A review of a journal article created by a Journal Watch contributor

Efficacy of an expanded preoperative survey during perioperative care to identify illicit substance use in teenagers and adolescents

Pediatric Anesthesia

Submitted December 2023 by Dr Su May Koh

Read by 150 Journal Watch subscribers

Illicit substance use is increasing in the teenage and adolescent population and relying on parental history alone is unlikely to be reliable. Illicit substance use and abuse not only has consequences in terms of acute toxicity but can also impact on perioperative care and morbidity. This study compared anonymous answers to a preoperative survey completed by the patient to history obtained from the parent or guardian.

This single site American study involved 250 patients aged 12-21 with a median age of 16. Not surprisingly the study showed higher reporting of substance use or abuse from the patient survey compared to the routine parental history. Alcohol use rates were highest with 27.6% of patients reporting alcohol use compared to 2% of parents reporting this. Alarmingly 2.9% reported using alcohol within 24 hours of coming in for their elective surgery and 6 patients reported marijuana use within 24 hours prior to surgery. 16% of adolescent patients reported vaping compared to only 4.4% of parents. Marijuana use was reported in 20.8% of patients but by only 4.4% of parents. With the increase in vaping, tobacco use rates were lowest with only 4.8% of patients reporting this and 2% of parents.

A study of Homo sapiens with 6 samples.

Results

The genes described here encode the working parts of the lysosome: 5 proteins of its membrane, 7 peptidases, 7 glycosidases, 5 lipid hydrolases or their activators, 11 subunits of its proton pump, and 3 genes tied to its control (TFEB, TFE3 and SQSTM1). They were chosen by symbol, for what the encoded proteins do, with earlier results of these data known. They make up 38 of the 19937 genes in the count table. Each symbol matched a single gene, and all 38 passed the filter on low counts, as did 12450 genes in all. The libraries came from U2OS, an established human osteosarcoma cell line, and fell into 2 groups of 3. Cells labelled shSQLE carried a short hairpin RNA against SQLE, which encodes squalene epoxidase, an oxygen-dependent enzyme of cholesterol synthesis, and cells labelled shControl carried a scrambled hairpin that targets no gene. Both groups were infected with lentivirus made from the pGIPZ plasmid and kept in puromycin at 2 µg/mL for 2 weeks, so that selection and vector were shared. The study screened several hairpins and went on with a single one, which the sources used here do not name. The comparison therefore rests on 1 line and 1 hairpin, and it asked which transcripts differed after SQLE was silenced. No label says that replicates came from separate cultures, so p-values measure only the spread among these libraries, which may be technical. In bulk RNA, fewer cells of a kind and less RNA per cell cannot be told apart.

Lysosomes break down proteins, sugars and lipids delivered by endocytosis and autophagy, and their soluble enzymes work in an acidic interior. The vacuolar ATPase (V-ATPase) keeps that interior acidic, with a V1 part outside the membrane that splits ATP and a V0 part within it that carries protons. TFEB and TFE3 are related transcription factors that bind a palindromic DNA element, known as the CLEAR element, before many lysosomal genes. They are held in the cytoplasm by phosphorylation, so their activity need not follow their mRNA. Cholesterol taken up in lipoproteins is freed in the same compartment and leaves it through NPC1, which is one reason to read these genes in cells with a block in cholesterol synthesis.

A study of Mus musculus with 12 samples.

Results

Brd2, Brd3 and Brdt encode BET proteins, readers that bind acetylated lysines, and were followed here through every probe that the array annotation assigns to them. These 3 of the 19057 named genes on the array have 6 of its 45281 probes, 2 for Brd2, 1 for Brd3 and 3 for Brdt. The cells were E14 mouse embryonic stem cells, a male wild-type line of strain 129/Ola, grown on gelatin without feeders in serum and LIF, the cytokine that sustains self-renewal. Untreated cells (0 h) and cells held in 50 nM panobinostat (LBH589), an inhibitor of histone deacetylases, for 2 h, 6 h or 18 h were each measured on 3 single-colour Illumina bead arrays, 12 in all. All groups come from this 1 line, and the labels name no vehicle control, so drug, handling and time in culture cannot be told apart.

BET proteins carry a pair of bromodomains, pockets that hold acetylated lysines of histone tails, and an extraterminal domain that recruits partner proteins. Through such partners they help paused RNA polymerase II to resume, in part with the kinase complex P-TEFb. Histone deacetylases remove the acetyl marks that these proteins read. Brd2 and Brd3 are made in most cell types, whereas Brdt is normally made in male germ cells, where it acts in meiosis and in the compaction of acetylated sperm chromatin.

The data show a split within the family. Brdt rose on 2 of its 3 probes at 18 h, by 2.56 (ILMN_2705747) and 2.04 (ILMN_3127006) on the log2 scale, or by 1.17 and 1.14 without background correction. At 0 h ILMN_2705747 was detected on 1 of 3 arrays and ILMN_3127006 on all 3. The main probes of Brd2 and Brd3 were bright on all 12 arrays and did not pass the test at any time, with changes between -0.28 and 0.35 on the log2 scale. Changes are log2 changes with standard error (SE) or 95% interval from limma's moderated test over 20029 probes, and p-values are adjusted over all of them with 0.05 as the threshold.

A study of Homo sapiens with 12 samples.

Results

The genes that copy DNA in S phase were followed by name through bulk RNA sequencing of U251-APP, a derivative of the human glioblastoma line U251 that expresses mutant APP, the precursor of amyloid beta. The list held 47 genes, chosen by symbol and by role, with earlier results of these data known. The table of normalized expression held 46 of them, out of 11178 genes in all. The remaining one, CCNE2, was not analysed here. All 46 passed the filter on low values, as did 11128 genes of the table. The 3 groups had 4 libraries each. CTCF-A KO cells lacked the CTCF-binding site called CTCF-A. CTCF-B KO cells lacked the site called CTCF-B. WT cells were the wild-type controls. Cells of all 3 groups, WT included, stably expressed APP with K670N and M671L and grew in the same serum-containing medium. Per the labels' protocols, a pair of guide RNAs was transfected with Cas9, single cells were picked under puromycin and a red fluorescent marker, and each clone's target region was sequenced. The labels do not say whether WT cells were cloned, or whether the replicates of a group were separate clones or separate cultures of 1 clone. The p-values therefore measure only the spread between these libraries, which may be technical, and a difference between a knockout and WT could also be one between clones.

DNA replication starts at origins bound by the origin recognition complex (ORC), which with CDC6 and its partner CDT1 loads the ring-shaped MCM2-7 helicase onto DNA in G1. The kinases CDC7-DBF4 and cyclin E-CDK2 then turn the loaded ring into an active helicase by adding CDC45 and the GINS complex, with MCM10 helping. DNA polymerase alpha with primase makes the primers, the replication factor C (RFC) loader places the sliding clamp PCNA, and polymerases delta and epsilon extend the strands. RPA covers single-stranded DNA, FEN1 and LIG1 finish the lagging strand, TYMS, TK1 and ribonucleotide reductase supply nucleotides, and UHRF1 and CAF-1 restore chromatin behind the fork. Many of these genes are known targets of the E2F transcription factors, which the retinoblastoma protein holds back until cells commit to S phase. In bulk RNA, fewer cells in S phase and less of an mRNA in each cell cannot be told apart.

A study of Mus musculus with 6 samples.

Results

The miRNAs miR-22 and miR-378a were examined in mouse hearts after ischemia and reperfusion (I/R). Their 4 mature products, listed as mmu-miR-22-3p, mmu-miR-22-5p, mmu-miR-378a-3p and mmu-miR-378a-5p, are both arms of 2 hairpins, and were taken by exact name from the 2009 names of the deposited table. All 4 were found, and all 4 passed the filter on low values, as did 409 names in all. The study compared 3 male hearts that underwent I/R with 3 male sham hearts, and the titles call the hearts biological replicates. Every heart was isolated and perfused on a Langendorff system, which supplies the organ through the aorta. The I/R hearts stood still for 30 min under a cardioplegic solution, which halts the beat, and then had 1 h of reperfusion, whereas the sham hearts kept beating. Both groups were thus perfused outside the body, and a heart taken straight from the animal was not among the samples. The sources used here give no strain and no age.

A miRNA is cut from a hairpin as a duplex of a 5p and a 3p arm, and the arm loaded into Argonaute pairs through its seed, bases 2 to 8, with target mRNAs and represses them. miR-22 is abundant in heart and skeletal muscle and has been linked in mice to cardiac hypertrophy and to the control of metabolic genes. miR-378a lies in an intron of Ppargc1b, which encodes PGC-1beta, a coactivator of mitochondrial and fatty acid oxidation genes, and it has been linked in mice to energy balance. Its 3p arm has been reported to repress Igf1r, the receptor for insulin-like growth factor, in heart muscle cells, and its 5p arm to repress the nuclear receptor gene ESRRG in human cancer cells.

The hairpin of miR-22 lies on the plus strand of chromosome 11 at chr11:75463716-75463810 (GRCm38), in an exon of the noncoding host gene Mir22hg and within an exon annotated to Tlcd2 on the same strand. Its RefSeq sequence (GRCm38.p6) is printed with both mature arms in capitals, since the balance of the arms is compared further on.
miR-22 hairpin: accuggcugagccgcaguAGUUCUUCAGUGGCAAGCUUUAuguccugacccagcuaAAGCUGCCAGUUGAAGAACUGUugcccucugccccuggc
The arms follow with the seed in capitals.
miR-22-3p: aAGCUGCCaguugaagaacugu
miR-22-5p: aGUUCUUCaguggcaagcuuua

This study clearly highlights the discrepancies between parental knowledge and reporting of illicit substance use by their teenage or adolescent children. This is not surprising but is an important sign that the current practice of preoperative history taking from the parents is unlikely to be accurate. This is most likely also the current practice of many paediatric institutions.

The authors comment that identification of illicit substance use is not only important to prevent perioperative complications but also may allow for interventions to change behaviour and substance abuse in the longer term. This study sought to identify a more effective way of accurately identifying substance use in teenagers and adolescents using an iPad survey (without parental oversight) preoperatively on the day of surgery. The authors report that this was possible even within the busy workflow of the preoperative area in a tertiary paediatric hospital.

Take home message:
Illicit substance use is a common and increasing problem in teenage and adolescent patients presenting for surgery and current preoperative assessments which rely on parental history are likely to be inaccurate as shown by this study. Institutions need to find new ways of ascertaining more accurate substance use information from these patients in order to ensure more comprehensive perioperative care.